Sometimes Mom needs help — and accepts it thankfully


Here I sit typing while lying on my side as I recover from surgery resulting from a broken tailbone. As part of my recovery, I haven’t been able to lift or drive for more than two weeks, not an easy task when you have three young children at home.

Though I have written about the joy of helping others by making a meal for them, it was hard for me to accept the assistance myself. I remember receiving meals when we had newborns in the house and how helpful that was. But this time, it felt different. I am not sleep deprived and I am not busy doing 100 things at once. Instead, I have been idle on my couch for several hours at a time.

Ironically, I thought that sitting on the couch with a good book and being able to nap whenever I wanted would be heavenly. But for someone who is usually busy and social, confinement to the couch proved to be quite difficult. It has made me realize how much I enjoy physical exercise.

It’s frustrating to find a new recipe or yearn for an old favorite and not be able to stand in my kitchen for more than a few minutes before I am fatigued and sore. What I have learned through this process, however, is that I live in a loving community full of great friends.

Over the course of three weeks, we have had more than 10 homemade meals delivered to our doorstep. We have also had lots of friends pitch in and help our eldest get to and from his baseball practices and school.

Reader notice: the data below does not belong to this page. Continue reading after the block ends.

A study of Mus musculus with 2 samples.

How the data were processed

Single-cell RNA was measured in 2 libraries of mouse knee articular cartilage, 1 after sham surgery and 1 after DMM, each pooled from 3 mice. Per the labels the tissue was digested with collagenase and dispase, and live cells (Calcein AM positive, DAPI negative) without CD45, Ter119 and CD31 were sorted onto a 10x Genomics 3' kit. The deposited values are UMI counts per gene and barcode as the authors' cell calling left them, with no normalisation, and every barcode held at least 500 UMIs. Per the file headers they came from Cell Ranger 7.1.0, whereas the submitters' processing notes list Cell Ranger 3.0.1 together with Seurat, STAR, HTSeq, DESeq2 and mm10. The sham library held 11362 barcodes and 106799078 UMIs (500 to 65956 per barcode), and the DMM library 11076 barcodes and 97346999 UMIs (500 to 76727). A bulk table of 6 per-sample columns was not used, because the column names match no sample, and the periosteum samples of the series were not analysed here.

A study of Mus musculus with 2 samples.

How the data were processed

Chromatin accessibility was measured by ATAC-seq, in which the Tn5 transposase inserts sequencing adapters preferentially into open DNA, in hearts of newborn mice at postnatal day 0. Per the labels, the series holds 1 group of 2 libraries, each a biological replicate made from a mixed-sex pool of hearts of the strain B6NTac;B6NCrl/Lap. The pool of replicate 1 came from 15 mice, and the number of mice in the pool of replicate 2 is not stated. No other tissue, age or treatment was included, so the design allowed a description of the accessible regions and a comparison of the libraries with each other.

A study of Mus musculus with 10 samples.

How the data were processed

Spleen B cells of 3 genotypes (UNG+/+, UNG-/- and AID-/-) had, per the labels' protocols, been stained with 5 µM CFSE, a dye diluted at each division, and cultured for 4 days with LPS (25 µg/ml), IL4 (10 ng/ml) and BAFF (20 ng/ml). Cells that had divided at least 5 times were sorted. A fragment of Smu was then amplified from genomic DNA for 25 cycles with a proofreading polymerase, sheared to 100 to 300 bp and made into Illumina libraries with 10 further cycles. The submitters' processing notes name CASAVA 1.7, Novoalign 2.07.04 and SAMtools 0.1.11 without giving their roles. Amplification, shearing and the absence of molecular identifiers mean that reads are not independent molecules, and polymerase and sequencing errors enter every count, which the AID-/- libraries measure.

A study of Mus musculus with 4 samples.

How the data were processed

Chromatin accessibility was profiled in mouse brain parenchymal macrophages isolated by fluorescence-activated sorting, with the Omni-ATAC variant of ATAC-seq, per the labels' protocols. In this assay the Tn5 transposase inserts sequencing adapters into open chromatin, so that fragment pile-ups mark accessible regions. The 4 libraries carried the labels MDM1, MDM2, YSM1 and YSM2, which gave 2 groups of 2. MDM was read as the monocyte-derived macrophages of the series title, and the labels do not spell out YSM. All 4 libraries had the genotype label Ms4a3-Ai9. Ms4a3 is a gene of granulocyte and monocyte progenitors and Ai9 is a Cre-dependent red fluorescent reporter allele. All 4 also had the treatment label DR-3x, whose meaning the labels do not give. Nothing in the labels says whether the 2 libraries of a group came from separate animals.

I am fortunate to have good eaters in our family and so the kids willingly gobbled up all of the different meals delivered to our dining room table. One such meal was a couscous casserole from our good friend, Liza DiMitri, who also has three young children. Soon after we lifted our forks to eat her meal, I heard my eldest say, “This is awesome.” And a few minutes later, my husband said, “We should get this recipe.”

And as I took a bite, I was thinking, “I want to share this with my readers.”

Colleen Lunn Scholer is a freelance writer living in Auburn who likes to cook with her husband and three young children.

Couscous casserole


4 tablespoons olive oil

1 medium onion, chopped

2 garlic cloves, minced

1 pound ground turkey

1/4 teaspoon salt

1/4 teaspoon freshly ground black pepper

2 medium zucchinis, thinly sliced

1/4 cup chicken/vegetable stock or water

4 cups tomato sauce

1/2 cup couscous (Liza used tricolored)

Freshly grated Parmesan cheese for garnish


1. Put 2 tablespoons of oil in a skillet over medium-high heat. When hot, add onion and garlic and cook until just beginning to soften, about 5 minutes. Add meat and stir to break it up; sprinkle with salt and pepper. Cook until meat is no longer pink, about 8 to 10 minutes more, depending on the kind of meat; set aside.

2. While the meat cooks, put zucchini slices on a baking sheet, drizzle with remaining 2 tablespoons oil, and sprinkle with salt and pepper. Transfer to a 425-degree oven and roast until just tender, 5 to 8 minutes. Reduce the oven temperature to 350 degrees.

3. Put the stock and tomato sauce in a medium saucepan over medium heat and bring to a gentle bubble. Stir in the couscous and turn off the heat; set aside for about 10 minutes.

4. Spoon a thin layer of the tomato sauce mixture into a casserole dish (which may be greased for easier cleanup) and top with zucchini slices and then a portion of the meat. Repeat the layers until you have used up all the ingredients, finishing with tomato sauce. Bake the casserole until it’s bubbling along the edges, about 25 minutes. Serve hot, sprinkled with Parmesan cheese if you like.